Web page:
Reference Number: MTAS-1065
Reviewed Date: 10/21/2022

Cities and towns that fall under ADA are required to make reasonable accommodations for those applicants and employees with disabilities. This is a critical component of ADA administration. Notably, there is always much discussion surrounding what “reasonable” means.

A reasonable accommodation* is a 'feasible' or 'plausible' change in the work environment or in the way things are usually done that result in equal employment opportunity for a qualified individual with a disability. An individual with a qualified disability is not entitled to the accommodation of his choice, but only to a reasonable accommodation under ADA.

*A modification or adjustment is "reasonable" if it "seems reasonable on its face, i.e., ordinarily or in the run of cases; "this means it is "reasonable" if it appears to be "feasible" or "plausible." An accommodation also must be effective in meeting the needs of the individual. In the context of job performance, this means that a reasonable accommodation enables the individual to perform the essential functions of the position. Similarly, a reasonable accommodation enables an applicant with a disability to have an equal opportunity to participate in the application process and to be considered for a job. Finally, a reasonable accommodation allows an employee with a disability an equal opportunity to enjoy the benefits and privileges of employment that employees without disabilities enjoy.

An employer must make a reasonable accommodation to the known physical or mental limitations of a qualified applicant or employee with a disability unless it can show that the accommodation would cause an undue hardship on the operation of its business. Some examples of reasonable accommodation include but are not limited to:

  • Acquiring or modifying equipment or devices;
  • Adjusting or modifying examinations, training materials, or policies;
  • Change in work hours, shifts, or schedules;
  • Division of tasks among employees: (i.e. allowing a bookkeeper who is deaf to trade phone duties with another employee in exchange for filing duties.)
  • Job restructuring;
  • Lowering shelves, chairs or raising furniture;
  • Making existing facilities used by employees readily accessible to, and usable by, an individual with a disability;
  • Modifications of job tasks: i.e. allowing a blind office worker to substitute transcription and duplicating duties for proofreading and filing;
  • Provide large-button touch-tone telephone for someone who has low vision or poor hand coordination;
  • Providing a quiet room for someone who suffers from migraine headaches to rest for a few minutes after taking medication;
  • Providing qualified readers or interpreters;
  • Reassignment to a vacant position;
  • Replacing handles or knobs to make opening and closing of cabinetry more accessible;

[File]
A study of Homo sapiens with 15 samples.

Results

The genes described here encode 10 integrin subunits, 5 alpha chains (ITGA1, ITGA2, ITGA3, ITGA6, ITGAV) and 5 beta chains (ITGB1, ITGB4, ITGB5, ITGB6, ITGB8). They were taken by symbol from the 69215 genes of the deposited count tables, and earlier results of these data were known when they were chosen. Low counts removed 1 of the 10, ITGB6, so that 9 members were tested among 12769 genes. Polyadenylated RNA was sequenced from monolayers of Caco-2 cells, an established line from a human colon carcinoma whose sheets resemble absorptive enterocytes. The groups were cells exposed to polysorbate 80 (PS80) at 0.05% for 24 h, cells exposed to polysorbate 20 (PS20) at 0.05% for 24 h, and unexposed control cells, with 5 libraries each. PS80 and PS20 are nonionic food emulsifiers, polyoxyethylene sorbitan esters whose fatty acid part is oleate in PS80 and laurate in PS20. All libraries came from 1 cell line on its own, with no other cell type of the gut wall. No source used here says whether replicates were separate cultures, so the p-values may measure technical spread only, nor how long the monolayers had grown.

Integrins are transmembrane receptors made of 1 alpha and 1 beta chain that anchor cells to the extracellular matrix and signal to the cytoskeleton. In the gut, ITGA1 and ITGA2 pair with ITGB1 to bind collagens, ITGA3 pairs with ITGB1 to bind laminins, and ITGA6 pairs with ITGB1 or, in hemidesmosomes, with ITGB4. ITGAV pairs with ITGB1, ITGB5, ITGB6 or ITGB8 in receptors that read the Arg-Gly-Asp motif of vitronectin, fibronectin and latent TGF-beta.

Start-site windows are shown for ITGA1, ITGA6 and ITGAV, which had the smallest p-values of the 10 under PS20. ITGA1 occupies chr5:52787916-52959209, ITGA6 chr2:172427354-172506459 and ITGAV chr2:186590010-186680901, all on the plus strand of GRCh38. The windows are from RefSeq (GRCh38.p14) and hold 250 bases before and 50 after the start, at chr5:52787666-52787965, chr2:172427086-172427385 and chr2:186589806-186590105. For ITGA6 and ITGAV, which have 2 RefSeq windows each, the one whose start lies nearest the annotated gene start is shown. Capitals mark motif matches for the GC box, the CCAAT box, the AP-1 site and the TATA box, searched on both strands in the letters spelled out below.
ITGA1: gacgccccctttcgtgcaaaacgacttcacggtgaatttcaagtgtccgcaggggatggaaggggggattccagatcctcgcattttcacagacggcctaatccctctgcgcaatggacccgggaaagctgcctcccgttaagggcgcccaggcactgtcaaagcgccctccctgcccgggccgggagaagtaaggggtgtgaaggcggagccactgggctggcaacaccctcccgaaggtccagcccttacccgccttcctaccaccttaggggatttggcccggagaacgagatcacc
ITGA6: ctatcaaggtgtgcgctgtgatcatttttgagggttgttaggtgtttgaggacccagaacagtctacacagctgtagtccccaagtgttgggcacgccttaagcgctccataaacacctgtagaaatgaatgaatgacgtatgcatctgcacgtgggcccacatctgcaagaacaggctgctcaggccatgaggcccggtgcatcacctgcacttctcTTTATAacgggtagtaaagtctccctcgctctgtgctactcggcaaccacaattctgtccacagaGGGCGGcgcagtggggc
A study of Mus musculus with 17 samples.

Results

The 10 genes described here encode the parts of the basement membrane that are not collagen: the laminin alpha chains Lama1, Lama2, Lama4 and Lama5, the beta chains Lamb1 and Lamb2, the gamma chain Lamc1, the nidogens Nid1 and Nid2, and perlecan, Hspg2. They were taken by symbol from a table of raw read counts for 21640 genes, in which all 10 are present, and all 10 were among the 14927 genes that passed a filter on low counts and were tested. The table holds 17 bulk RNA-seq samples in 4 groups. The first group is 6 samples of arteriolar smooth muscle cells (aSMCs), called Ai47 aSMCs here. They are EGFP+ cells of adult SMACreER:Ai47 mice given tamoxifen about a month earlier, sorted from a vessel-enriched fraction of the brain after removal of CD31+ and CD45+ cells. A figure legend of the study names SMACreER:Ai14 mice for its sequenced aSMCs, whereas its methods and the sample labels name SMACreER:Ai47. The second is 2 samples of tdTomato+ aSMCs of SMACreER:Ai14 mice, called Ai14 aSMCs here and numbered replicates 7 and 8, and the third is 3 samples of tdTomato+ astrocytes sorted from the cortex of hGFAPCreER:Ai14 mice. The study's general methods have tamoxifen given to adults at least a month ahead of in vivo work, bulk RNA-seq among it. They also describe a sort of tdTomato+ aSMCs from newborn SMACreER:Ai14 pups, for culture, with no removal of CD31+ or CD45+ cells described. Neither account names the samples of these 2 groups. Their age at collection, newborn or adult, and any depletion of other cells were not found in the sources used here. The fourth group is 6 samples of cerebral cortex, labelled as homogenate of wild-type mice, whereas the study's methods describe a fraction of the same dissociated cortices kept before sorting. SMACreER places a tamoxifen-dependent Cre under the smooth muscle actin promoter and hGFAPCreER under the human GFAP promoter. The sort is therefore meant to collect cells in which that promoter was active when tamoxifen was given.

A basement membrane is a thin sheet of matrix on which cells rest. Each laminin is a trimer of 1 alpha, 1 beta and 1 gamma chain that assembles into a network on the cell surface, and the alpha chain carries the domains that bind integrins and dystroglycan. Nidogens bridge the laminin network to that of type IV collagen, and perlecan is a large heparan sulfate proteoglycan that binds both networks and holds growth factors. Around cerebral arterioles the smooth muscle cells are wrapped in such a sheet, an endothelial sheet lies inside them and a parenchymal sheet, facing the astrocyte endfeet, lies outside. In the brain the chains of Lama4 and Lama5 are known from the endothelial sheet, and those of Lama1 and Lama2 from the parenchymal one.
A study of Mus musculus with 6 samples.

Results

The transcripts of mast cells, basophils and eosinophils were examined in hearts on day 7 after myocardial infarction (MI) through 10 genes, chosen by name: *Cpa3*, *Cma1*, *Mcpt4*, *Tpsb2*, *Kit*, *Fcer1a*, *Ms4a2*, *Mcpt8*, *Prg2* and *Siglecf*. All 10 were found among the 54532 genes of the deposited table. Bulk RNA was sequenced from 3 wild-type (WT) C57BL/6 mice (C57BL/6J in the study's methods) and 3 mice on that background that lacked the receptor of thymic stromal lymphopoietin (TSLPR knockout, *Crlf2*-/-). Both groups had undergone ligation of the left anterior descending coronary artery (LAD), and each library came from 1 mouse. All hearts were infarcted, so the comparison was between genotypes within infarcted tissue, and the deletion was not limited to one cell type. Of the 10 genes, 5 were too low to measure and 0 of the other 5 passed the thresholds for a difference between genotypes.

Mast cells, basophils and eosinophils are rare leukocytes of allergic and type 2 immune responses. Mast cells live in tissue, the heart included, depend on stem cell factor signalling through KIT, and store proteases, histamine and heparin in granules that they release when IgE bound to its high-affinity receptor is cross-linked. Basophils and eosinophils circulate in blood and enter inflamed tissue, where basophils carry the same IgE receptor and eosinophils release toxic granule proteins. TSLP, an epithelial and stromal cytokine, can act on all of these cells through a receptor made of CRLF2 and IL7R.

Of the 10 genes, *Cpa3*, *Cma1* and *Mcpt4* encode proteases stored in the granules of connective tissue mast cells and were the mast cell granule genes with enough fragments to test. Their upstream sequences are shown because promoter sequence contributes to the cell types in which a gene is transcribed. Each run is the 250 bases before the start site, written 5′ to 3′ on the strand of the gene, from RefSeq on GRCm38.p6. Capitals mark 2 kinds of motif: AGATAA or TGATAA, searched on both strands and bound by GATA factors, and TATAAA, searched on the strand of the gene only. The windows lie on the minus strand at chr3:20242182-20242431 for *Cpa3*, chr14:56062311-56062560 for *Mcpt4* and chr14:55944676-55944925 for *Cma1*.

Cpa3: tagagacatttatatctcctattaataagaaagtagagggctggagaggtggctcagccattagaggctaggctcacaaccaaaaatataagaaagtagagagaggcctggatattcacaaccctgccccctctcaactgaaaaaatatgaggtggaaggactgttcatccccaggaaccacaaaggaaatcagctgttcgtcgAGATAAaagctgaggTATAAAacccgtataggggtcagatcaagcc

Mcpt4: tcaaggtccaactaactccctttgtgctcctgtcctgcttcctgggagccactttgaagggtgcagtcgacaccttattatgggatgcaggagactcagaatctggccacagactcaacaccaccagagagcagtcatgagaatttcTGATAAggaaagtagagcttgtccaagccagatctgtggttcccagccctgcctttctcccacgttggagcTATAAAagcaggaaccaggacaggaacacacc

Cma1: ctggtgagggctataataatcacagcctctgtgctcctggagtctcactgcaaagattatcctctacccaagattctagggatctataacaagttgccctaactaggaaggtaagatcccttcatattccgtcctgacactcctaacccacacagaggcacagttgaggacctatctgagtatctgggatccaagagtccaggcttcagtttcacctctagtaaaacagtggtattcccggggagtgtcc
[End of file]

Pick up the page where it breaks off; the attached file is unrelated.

• Telecommuting;
  • Allowing flexible use of leave;
  • Providing closer parking;
  • Dimming lights/ brightening lights;
  • Time off and/or an extension of approved leave.

An employer is not required to lower quality or quantity standards to make an accommodation. Nor is an employer obligated to provide personal use items, such as glasses or hearing aids, as accommodations. However, there may be limited circumstances where a personal use item is appropriate. Employers should be mindful about setting precedence, as the law does not require you to provide personal items as an accommodation under ADA. Keep in mind, the city should always have documented dialogue(s) with the individual requesting the accommodation.

When can an employer not provide a reasonable accommodation?

  • If an employer is unaware of the need.
  • If providing the accommodation would cause undue hardship*

*The only statutory limitation on an employer's obligation to provide "reasonable accommodation" is that no such change or modification is required if it would cause "undue hardship" to the employer. "Undue hardship" means significant difficulty or expense and focuses on the resources and circumstances of the particular employer in relationship to the cost or difficulty of providing a specific accommodation. Undue hardship refers not only to financial difficulty, but to reasonable accommodations that are unduly extensive, substantial, or disruptive, or those that would fundamentally alter the nature or operation of the business. An employer must assess on a case-by-case basis whether a particular reasonable accommodation would cause undue hardship. The ADA's "undue hardship" standard is different from that applied by courts under Title VII of the Civil Rights Act of 1964 for religious accommodation.

The employee or individual bears the burden of identifying a workplace barrier and communicating that to the employer. Once an accommodation is requested, the individual must also take responsibility for demonstrating how the accommodation assists him or her in performing the essential job functions. Employers are free to choose accommodations and can provide those less expensive or easier to obtain.